Bench Memos

Law & the Courts

John Roberts vs. John Roberts on Marbury and Judicial Supremacy

As a young lawyer in the Reagan administration’s Department of Justice in 1981, John Roberts wrote a long memorandum defending the constitutionality of bills that would “divest the Supreme Court (and, in most instances, lower federal courts as well) of jurisdiction to hear certain types of controversies, ranging from school prayer and desegregation cases to abortion cases.” To be sure, Roberts states in that memorandum that it “is prepared from a standpoint of advocacy of congressional power over the Supreme Court’s appellate jurisdiction” and “does not purport to be an objective review of the issue.”  Nonetheless, his analysis in this passage is penetrating:

It is argued, however, that divesting the Supreme Court of jurisdiction over a particular class of cases would undermine the constitutional role of the Court as the ultimate arbiter of constitutional questions. The Cons[t]itution, however, does not accord such a role to the Court. The authority of the Court to interpret the Constitution derives from the necessity of its doing so in the course of discharging its judicial responsibility to decide those cases and controversies properly presented to it. As put in Marbury v. Madison, 5 U.S. (1 Cranch) 137 (1803):

“It is emphatically the province and duty of the judicial department to say what the law is. Those who apply the rule to particular cases, must of necessity expound and interpret that rule. If two laws conflict with each other, the courts must decide on the operation of each. So if a law be in opposition to the Constitution; if both the law and the Constitution apply to a particular case, so that the court must either decide that case conformably to the law, disregarding the Constitution; or conformably to the Constitu[t]ion, disregarding the law; the court must determine which of these conflicting rules governs the case. This is the very essence of judicial duty. . . . In some cases, then, the Constitution must be looked into by the judges.” (Emphasis supplied).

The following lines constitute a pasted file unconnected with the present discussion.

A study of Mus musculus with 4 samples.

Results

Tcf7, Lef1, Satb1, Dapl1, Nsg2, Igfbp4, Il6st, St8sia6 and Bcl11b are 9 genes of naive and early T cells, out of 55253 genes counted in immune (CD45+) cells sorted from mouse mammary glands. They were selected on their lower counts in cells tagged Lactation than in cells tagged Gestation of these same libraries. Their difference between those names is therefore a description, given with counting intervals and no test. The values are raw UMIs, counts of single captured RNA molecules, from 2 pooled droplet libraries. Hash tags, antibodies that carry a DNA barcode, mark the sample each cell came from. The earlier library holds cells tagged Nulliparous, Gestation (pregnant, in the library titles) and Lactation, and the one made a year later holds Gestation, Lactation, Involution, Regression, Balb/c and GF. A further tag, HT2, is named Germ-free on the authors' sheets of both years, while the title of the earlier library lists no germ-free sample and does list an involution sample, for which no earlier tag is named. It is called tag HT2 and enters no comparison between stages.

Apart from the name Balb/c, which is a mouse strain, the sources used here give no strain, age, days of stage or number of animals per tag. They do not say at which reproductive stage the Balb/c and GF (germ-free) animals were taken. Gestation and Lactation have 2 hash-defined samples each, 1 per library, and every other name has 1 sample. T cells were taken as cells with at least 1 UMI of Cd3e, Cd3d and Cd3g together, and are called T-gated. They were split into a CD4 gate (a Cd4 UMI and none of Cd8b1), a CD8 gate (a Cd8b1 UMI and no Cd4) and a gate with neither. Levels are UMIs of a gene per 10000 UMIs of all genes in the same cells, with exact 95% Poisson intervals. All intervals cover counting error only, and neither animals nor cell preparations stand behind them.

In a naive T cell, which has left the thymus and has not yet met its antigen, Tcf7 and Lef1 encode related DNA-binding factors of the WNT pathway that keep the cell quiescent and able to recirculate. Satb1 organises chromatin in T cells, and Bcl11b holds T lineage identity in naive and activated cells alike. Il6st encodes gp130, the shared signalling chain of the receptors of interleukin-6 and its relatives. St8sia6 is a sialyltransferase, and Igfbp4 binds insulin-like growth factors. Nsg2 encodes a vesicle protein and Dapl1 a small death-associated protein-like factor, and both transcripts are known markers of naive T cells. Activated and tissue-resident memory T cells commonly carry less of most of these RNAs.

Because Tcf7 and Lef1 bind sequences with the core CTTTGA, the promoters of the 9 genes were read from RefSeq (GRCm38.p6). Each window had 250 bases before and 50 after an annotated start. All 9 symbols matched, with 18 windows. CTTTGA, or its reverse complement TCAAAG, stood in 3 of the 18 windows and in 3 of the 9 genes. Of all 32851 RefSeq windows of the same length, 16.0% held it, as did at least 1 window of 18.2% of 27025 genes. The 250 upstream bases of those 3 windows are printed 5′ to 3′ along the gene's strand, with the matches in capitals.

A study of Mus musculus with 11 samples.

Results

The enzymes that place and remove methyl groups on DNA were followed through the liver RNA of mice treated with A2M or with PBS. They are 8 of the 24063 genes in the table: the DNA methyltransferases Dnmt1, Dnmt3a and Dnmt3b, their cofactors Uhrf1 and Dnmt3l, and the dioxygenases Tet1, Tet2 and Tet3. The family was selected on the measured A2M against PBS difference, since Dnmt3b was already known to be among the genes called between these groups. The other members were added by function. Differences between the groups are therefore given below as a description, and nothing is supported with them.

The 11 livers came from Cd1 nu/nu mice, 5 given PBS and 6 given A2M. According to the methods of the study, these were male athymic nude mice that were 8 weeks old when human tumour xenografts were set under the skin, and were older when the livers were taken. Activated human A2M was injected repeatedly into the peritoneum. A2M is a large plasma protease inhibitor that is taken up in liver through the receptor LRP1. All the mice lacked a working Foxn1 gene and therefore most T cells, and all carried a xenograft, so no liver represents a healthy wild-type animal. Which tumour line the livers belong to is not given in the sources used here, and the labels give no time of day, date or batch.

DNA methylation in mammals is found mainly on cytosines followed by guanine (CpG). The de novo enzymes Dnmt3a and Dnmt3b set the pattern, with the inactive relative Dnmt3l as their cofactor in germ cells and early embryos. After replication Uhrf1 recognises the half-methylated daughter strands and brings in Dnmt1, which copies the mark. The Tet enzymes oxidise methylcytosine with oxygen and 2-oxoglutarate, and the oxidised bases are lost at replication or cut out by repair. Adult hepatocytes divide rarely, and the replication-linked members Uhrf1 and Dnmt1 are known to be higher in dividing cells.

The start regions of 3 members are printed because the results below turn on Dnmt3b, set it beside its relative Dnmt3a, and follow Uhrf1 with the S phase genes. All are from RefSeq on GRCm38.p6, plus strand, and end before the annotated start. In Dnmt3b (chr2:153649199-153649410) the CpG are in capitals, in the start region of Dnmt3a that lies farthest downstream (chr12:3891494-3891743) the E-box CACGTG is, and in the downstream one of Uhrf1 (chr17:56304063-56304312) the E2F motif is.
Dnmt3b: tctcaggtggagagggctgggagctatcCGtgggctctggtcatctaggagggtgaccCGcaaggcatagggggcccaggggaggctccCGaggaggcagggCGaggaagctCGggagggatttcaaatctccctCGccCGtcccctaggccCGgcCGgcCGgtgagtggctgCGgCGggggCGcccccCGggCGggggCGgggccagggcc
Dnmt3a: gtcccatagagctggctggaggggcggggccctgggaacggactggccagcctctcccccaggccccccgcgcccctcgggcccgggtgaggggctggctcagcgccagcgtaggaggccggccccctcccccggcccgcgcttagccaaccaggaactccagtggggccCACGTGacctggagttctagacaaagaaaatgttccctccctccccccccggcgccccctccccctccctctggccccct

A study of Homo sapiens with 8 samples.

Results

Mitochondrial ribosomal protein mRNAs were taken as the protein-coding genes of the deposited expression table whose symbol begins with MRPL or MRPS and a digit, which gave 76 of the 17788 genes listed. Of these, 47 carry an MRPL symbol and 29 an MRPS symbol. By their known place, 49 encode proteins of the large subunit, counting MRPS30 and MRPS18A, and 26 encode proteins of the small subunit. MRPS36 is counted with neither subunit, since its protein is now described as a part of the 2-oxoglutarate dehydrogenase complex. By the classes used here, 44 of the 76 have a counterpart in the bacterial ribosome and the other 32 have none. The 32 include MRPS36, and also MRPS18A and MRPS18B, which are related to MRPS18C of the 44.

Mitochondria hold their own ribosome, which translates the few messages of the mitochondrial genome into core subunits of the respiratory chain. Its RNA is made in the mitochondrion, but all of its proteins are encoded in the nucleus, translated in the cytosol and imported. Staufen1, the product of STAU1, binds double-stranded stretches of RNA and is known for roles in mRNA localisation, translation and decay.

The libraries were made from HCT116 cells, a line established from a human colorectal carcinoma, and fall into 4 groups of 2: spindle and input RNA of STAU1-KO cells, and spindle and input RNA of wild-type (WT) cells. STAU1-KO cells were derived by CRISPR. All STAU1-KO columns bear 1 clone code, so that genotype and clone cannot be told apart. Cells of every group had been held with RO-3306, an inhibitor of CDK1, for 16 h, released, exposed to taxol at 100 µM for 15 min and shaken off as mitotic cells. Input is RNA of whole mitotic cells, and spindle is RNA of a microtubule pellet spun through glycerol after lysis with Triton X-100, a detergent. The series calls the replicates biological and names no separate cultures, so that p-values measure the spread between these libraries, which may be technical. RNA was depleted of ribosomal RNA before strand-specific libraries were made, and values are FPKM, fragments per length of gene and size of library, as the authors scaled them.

If the necessity of interpreting the Constitution is removed, as it would be if the Court were divested of jurisdiction, the basis for the Court’s role as final arbiter of the Constitution is removed. [Underlining in original.]

In sharp contrast, in his separate opinion today in Whole Woman’s Health v. Jackson, the Chief Justice instead maintains that “the role of the Supreme Court in our constitutional system … is at stake” if it is not able to engage in pre-enforcement review of a state law. And when, in support of that claim, he quotes Marbury’s statement that “[i]t is emphatically the province and duty of the judicial department to say what the law is,” he strips that statement from the context that shows that that duty arises only (as he puts it in his 1981 memo) “in the course of discharging its judicial responsibility to decide those cases and controversies properly presented to it.”